Looks good, doesn’t it? Incredibly ripe and fresh. You’d like one. You know it.

How would you get it?

You’d have to know what it is to begin with, what to call it and then where to find it. You’d do a near-invisible sorting of the many potential places in your area you even know about that would have this item for sale. Subconsciously discarding the places you wouldn’t consider shopping. Too dirty at this place. To expensive at this place. Maybe you’d do a quick search through the newspaper or online to see if any of your remaining typical shopping spots are having a sale.

You’d likely need to drive to get there (in America). So you hop in your car most likely and drive over. No need to consult anyone else or order a taxi or usually even call a friend to come with you or pick you up.

You know where it is you’re going because you go there every week. You know any number of routes that could get you there but those are subconsciously sorted down to one or two best options without you even being aware of it. You understand the rules of the road (and of course obey them!).

When you get where you want to go you know where to go in the store to find this item. Probably it’s on display with about a dozen or more other ones just like it. If you’re skilled you’ll figure out which one seems ripest and put it in your cart. Maybe you’ll pick up a few other things while you’re there, or see what might be on sale.

When you get to the check-out aisle you might know the person ringing up your order, you’ve been there so often. You make small talk, pleasantries about the weather or the frustrating state of Covid life. Effortless and easy, the language you’ve been speaking all your life. No need to search for the right word or wonder too much about grammar. You’re told your total and you know your debit card or credit card will work just as it does every week. Or you know how to count out the appropriate amount in bills and coins and hand it to the cashier. You know better than to hand them a $100 bill for an amount due of $15.07. The people behind you waiting don’t have to wait for you to convert currency in your head or shuffle, panicked, through your bills wondering which one might be the correct one. You don’t have to endure the withering glance of the cashier when you have trouble finding the right change, or you attempt to use a Discover Card when everyone knows the store only takes Visa and MasterCard.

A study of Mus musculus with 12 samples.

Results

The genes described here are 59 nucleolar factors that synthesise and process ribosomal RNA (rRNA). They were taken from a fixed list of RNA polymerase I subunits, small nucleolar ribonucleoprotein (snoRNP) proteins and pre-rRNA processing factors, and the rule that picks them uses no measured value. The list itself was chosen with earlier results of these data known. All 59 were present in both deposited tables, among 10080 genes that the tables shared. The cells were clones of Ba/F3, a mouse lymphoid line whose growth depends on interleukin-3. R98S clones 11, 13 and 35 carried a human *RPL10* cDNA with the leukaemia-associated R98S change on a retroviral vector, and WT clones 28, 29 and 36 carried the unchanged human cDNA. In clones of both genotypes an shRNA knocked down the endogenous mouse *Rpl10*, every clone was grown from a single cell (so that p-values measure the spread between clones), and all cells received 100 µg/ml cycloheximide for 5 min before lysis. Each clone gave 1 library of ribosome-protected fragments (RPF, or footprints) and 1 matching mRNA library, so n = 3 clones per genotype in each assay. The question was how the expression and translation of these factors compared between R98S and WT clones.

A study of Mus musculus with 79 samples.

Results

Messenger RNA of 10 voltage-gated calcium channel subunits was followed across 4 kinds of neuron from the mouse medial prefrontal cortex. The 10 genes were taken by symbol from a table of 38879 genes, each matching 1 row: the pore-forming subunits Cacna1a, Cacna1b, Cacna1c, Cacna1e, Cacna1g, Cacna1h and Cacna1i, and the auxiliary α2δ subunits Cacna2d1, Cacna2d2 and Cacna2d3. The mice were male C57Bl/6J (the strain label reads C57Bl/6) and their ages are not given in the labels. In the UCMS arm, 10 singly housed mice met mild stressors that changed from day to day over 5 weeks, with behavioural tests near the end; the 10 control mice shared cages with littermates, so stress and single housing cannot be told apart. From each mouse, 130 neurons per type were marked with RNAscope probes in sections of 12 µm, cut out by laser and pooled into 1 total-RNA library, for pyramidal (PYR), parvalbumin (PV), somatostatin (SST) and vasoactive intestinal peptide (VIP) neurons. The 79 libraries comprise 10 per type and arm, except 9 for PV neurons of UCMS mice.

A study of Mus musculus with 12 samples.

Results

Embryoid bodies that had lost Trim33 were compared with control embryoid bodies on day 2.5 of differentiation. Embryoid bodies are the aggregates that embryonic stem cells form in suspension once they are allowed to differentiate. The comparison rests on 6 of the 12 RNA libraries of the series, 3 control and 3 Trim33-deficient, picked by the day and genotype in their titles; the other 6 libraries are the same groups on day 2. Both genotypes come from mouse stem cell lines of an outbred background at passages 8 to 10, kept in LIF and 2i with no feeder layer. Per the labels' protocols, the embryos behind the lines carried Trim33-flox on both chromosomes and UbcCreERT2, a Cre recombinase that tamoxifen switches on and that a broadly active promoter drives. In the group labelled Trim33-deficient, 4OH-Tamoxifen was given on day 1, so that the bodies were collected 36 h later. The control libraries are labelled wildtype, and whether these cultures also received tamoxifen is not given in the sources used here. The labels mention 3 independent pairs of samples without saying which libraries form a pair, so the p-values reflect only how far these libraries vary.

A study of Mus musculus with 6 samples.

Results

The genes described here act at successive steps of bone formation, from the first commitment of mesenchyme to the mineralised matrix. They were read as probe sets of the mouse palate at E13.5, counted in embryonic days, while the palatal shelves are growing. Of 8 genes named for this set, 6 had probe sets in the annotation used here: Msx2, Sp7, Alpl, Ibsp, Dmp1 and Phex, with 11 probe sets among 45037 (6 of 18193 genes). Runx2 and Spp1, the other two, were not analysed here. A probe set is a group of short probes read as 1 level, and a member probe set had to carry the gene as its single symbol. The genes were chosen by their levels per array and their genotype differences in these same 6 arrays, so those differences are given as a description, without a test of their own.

You walk back out to your car and head home, ready to enjoy.

A hundred – a thousand – little decisions, evaluations, decisions made within the span of seconds and then minutes because you’ve done them all your life.

But if it’s your first time. In another country. With another currency. With relying on a hired driver to get you there and another one to get you back. When you don’t speak the language. Don’t know the customs. Can’t make the small talk. Talk like a baby when you try to speak the little you know. When you feel a dozen sets of eyes watching your every movement because you look different from every other person in the store. When the store isn’t a store but a plywood slab on the side of the road. When you don’t know what the woman is asking you so you agree to whatever it is she’s saying.

And in less time than it takes you to construct Thank you very much in the local language she’s hacked off the tough outer skin of the fruit, and carved the remaining tough bits out and quickly wrapped up the glistening, yellow deliciousness in a plastic bag. And you’re on your way. Trying to find a ride home. Picking your path through uneven sidewalks and past the gaze of curious people. Finally arriving at home and able to unwrap and enjoy this, this amazing bit of tropical deliciousness.

And this is not a pineapple. Not here. This is a nanas. And it is very delicious!